Mathematician and cosmologist Ruth Gregory once said, "It is hard to overstate the importance of Noether's work in modern physics." Indeed, while it's tough for us laypeople to wrap our heads around it, "Noether's theorem" is one of the great scientific insights of the past century and laid the groundwork for abstract algebra and theoretical physics.
Born in Germany in the late 19th century to a mathematician father, Emmy Noether wasn't allowed to officially enroll in university, which was male-only. So she audited classes, passed all her exams and earned her undergraduate degree. She later earned a Ph.D. at another university that finally accepted women but wasn't allowed to hold a teaching position.
In 1915, a year after Albert Einstein published his general theory of relativity, the young Noether, then an unpaid lecturer at the University of Göttingen was summoned by a group of the world's leading mathematicians to help solve a problem with Einstein's revolutionary take on gravity. Unfazed, she proved why general relativity doesn't go against the established law of conservation of energy.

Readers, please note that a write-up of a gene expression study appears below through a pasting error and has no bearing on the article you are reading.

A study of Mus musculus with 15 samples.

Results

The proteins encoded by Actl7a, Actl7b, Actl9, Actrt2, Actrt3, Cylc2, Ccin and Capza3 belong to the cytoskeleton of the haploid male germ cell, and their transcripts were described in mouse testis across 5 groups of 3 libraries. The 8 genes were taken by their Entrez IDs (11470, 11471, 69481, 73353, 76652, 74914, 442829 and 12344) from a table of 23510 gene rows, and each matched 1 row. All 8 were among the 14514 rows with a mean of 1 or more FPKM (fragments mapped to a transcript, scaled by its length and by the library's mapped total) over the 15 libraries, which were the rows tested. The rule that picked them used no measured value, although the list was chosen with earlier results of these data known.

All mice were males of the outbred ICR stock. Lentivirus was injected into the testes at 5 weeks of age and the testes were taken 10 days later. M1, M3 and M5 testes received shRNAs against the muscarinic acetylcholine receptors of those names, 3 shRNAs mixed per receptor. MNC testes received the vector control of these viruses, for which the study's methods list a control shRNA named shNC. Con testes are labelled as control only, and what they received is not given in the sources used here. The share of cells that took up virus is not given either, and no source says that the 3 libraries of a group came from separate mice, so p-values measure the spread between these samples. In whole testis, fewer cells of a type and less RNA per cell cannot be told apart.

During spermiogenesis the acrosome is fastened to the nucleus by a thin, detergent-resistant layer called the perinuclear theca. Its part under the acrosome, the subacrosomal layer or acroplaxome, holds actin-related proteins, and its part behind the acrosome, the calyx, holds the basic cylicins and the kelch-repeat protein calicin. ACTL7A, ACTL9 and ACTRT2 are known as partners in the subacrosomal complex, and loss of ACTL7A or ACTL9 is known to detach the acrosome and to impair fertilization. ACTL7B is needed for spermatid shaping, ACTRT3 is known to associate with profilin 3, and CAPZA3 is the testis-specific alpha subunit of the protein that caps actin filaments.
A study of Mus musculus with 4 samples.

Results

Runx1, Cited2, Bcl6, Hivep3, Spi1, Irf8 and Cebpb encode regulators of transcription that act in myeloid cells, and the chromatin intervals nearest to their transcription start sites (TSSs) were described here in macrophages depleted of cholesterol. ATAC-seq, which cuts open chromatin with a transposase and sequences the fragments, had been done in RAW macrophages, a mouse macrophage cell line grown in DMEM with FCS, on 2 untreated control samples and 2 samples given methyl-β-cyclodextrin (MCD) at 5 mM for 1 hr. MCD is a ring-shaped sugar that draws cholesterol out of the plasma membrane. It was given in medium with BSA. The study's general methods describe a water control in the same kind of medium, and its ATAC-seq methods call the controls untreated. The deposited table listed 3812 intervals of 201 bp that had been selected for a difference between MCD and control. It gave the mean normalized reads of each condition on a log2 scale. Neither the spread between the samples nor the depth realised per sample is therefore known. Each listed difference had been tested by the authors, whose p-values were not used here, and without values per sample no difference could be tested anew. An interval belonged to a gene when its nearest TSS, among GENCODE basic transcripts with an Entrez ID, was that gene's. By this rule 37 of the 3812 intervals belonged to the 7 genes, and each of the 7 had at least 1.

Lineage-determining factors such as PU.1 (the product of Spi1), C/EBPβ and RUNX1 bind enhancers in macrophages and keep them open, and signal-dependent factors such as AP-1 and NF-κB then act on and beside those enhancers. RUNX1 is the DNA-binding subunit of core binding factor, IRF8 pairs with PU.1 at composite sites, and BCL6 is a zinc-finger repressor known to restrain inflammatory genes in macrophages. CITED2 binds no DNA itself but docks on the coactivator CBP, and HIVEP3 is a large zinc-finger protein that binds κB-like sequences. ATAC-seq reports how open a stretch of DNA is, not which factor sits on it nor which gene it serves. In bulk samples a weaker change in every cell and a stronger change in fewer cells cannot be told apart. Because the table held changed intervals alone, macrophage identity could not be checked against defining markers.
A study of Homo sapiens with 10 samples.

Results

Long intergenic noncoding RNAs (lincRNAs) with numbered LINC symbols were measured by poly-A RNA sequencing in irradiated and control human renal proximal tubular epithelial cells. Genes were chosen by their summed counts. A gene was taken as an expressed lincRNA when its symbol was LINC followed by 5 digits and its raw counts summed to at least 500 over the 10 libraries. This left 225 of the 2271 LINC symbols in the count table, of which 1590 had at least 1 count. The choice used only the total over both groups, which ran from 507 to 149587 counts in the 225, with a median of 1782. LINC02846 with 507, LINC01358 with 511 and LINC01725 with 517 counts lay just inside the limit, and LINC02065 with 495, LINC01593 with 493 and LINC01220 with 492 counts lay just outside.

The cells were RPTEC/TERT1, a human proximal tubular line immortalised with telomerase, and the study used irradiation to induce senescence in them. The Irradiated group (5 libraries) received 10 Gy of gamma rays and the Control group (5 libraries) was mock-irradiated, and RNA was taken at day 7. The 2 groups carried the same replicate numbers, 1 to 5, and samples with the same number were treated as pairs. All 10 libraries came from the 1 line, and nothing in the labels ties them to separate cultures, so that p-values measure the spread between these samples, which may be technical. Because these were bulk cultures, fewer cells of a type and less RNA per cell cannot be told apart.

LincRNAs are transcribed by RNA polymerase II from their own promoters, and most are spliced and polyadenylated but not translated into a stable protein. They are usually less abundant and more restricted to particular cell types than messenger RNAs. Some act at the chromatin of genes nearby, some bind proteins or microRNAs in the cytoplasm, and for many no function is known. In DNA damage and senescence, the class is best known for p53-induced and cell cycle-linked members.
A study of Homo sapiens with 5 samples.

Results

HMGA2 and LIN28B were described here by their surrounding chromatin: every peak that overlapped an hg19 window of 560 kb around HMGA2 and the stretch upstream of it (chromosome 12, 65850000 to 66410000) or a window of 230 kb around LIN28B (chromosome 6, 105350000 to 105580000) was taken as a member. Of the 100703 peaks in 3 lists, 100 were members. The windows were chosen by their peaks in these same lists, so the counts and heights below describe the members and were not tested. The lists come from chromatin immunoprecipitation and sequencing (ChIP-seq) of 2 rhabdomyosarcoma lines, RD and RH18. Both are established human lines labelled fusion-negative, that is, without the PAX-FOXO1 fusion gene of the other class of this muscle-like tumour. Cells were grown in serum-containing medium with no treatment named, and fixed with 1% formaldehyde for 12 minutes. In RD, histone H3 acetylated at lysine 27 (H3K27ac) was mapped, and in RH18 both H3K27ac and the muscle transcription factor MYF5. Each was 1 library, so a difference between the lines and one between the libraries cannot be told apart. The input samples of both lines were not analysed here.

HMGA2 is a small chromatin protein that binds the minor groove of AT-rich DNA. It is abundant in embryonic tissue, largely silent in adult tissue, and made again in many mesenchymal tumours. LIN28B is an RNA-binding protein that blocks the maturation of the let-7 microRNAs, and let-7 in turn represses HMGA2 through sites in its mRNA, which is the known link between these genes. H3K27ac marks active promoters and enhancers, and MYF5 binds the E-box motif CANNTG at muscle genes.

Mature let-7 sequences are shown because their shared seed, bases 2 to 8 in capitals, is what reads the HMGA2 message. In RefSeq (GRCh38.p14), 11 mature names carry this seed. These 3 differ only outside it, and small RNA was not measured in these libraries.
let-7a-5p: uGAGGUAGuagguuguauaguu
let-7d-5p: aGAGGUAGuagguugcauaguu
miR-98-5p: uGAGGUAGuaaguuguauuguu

Three years later, she published her own groundbreaking theorem establishing the mathematical relationship between laws of conservation and something called symmetry. Noether's theorem — which isn't a theory, but a mathematical proof — proved that every law of conservation (energy, momentum, angular momentum, etc.) was bound to an associated symmetry in nature. Before this, scientists had not realized these were related.
With Noether's mathematical tool, physicists developed the Standard Model, which describes the interactions of weak, strong and electromagnetic forces. And Noether's theorem is now helping to explain the behavior of black holes and the existence of dark matter.